TLC’s Little Swanport Reserve recently received rave reviews from visiting Australian Plant Society Tasmania members.
The Little Swanport River drains a large part of inland eastern Tasmania, rising just east of Parattah and cutting through a series of dolerite gorges before debouching into a large estuarine wetland called Little Swanport, halfway between the townships of Triabunna and Swansea. Much of the country is open forest and grassy woodland, with some grazing properties near the coast. The Tasmanian Land Conservancy’s latest acquisition, this year, was a 150 hectare block near the mouth of the river, acquired in part because of the presence of some old-growth blue gum forest with nesting habitat for swift parrots.
Long term Tasmanian Land Conservancy supporters and Australian Plant Society Tasmania members, Keith and Sib Corbett, were fortunate enough to attend the TLC’s Discovery Day at Little Swanport in September last year, with experts such as TLC’s Dr Sally Bryant. They were keen to show other APSTers around the new reserve if the opportunity arose, which it did on August 4, when 15 walkers assembled near the entry gate to the reserve on Bresnehans Road.
Some interesting background was provided by attendee Jenny Boyer, whose Mitchelmore forebears owned the surrounding property, Muirlands, for about a century from 1882. They ran superfine merinos for some of that time. After the original house was destroyed by floods in 1908, the present homestead was built on an elevated terrace near the main road in 1913. Jenny visited as a small child in the 1950s, and recalls that there was a special wing with six bedrooms on the house for bream fishermen to stay. Other memories include ‘invading’ the huge central dining room lit by lamps and candles, separating the milk, and the large mulberry tree in the front garden. The original property has now been broken up, with the sheep removed from some areas and the bush recovering.
The rocky bank fronted a wide deep part of the river, with pleasant views, known as the Bream Hole, apparently well known to fisherfolk. This is about as far west as the salt water extends inland.
Keith Corbett explained a little about the geology – it’s basically all dolerite, with some ironstone gravel in places formed during a warm tropical period some 50 million years ago. In the northern midlands similar ironstone gravels support a special Eucalyptus amygdalina woodland community rich in unusual heath species, but here there is almost no undergrowth.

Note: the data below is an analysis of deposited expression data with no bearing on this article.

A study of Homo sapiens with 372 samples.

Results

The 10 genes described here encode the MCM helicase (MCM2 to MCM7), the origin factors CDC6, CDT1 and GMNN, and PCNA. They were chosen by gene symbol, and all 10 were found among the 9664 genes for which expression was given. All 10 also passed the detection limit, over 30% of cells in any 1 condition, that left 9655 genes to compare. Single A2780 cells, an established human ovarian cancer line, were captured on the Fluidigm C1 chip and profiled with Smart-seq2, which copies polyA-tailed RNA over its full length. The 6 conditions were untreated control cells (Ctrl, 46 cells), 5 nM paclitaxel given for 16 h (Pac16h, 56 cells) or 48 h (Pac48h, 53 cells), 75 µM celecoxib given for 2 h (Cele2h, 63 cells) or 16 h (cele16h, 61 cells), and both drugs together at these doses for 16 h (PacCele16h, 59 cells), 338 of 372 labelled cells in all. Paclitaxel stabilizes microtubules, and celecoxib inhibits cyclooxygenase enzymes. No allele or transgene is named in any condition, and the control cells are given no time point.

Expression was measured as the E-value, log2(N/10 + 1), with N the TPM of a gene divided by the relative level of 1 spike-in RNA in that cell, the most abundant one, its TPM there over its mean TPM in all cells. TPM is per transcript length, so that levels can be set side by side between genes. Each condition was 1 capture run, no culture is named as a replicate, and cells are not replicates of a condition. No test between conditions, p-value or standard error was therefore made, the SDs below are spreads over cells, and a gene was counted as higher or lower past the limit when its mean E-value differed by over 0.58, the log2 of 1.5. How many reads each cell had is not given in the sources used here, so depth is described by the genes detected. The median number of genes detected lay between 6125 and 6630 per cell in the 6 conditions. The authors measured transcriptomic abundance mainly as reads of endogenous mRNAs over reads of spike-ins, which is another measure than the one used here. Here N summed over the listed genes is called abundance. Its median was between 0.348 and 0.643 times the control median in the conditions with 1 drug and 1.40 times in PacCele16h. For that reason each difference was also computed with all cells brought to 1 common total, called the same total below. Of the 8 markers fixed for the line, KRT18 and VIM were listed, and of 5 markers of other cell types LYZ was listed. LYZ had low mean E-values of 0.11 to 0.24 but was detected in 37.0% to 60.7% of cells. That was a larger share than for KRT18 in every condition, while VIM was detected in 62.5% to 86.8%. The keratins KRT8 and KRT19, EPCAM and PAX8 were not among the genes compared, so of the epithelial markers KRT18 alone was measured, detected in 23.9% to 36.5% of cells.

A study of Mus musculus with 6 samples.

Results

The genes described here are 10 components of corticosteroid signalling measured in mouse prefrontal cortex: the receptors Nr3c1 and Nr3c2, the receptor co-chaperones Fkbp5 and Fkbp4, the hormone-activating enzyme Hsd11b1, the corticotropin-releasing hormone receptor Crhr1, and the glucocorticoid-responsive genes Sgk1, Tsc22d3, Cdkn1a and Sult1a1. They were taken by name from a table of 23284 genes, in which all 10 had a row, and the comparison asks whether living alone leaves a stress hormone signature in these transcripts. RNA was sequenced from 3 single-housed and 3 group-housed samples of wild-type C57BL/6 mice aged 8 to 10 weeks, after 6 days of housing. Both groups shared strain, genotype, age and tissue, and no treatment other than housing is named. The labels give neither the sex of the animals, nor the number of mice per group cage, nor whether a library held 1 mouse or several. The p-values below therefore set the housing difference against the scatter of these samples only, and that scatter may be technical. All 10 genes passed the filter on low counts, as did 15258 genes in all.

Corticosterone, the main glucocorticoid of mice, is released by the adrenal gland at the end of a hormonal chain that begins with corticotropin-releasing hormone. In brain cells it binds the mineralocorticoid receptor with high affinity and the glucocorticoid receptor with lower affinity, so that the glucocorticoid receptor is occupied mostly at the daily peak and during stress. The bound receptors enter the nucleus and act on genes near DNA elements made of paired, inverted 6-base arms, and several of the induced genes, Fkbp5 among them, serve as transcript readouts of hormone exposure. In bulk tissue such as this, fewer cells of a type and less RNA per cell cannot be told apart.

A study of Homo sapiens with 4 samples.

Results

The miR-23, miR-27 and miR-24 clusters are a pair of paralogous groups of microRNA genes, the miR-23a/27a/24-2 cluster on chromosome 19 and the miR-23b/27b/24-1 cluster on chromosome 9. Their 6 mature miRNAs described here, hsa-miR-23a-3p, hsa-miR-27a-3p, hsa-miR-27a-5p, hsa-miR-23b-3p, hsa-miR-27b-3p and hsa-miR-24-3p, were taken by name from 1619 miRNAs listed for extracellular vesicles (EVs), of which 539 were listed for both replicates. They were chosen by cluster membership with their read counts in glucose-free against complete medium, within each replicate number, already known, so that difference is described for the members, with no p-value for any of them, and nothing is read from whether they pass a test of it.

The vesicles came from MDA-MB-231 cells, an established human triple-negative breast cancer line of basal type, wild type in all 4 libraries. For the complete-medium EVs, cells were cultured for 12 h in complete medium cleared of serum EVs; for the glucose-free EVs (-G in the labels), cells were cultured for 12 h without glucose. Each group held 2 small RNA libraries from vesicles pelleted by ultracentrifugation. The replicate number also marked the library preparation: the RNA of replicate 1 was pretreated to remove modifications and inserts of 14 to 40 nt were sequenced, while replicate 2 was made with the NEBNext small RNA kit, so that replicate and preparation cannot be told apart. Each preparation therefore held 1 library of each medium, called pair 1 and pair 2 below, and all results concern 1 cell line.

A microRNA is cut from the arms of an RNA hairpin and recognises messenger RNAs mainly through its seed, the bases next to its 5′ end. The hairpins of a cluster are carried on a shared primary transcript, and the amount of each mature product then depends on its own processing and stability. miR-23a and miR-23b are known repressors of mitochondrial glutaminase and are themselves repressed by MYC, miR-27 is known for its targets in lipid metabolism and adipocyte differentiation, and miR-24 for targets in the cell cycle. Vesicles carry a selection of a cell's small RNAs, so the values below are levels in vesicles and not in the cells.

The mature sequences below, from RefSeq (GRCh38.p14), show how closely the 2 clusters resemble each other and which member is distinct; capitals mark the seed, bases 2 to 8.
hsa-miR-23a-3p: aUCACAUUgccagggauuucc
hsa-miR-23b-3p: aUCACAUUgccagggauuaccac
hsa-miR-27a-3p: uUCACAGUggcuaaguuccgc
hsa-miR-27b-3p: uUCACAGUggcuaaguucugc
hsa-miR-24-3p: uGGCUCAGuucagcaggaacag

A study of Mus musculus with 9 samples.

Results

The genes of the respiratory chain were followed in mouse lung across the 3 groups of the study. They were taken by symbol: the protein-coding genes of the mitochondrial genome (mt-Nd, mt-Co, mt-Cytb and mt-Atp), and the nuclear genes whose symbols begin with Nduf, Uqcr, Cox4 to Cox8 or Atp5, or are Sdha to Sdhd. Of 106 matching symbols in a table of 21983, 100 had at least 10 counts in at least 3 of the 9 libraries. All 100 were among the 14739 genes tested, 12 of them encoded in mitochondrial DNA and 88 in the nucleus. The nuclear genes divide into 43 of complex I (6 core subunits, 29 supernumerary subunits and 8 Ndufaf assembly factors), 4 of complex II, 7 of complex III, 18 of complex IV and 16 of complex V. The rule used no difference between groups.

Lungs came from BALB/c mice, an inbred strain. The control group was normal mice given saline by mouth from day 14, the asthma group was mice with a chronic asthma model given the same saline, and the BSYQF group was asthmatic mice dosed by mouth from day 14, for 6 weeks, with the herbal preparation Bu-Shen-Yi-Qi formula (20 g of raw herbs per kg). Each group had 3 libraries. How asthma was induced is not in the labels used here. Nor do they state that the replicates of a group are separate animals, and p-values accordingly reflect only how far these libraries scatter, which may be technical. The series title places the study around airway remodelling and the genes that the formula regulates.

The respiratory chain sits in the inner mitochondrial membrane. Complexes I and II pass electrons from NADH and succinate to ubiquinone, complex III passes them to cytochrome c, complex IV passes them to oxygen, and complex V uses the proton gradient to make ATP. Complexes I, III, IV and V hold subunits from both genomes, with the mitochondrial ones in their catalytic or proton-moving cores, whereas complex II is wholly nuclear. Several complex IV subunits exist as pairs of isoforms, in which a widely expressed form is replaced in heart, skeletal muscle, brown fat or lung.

We turned north and followed a track down to the river, through some nice old forest with bluegum (E. globulus), white gum (E. viminalis) and white peppermint (E. pulchella), with pinkberry bushes (Leptecophylla divaricata), prickly moses (Acacia verticillata) and sedges. The rocky bank fronted a wide deep part of the river, with pleasant views, known as the Bream Hole, apparently well known to fisherfolk. This is about as far west as the salt water extends inland. Nearby were bushes of common fringe myrtle (Calytrix tetragona) and smooth dustymiller (Spyridium obovatum), growing under numerous oyster bay pines (Callitris rhomboidea). A riverside Epacris is yet to be identified by us – the betting is that it is one of the rare white ones.
After morning tea, our next section was a scramble up the nose of a rocky dolerite spur, picking our way through many oyster bay pines, past a lookout point with a fine view up the river, and across the flat top to some old paddocks. Drooping sheoaks (Allocasuarina verticillata) and a single small greenhood orchid were noted. The open walking was through kangaroo grass (Themeda triandra) and saggs (Lomandra longifolia), with clusters of peachberry heath (Lissanthe strigosa) and native cranberry (Astroloma humifusum), many thickets of black wattle (A. mearnsii), and some grand old burnt eucs in places. This eastern side of the property is severely degraded by clearing, grazing and drought, but there is now some hope of recovery. Heading down another berry-bush-lined track towards the river, we stopped for a photo beside a superb old Eucalyptus pulchella with a nicely curved trunk, then down a steep section to a Pomaderris elliptica forest before breaking out onto the wide pebbly bed of the river – with very little water flow. Damage and debris in the flanking bush shows that the river is not always so benign. Lunch was had on dry logs near the western shore, under rocky cliffs with sheoaks, pomaderris and Acacia mucronata. The remains of a flying fox cableway were found on the rocks, with the other end well up the trunk of an old gumtree. Fun and games in the past, we presumed.
Retracing our steps and crossing some more old paddocks in very pleasant walking conditions, we climbed to the rocky top of the highest hill (all of 110 m!) on the property, passing some superb old Eucalyptus pulchella and E. globulus with quality nest holes available (water views from some). Then down on to a grassy terrace with lovely views to the east of the Freycinet mountains, and further south to Maria Island, for afternoon tea. We lounged, with the sun on our backs, and decided it was a pretty hard life! An easy walk downslope brought us back to the cars.
Our thanks to the TLC for allowing us to walk over this lovely place, and we all agreed that the Little Swanport Reserve was an excellent acquisition.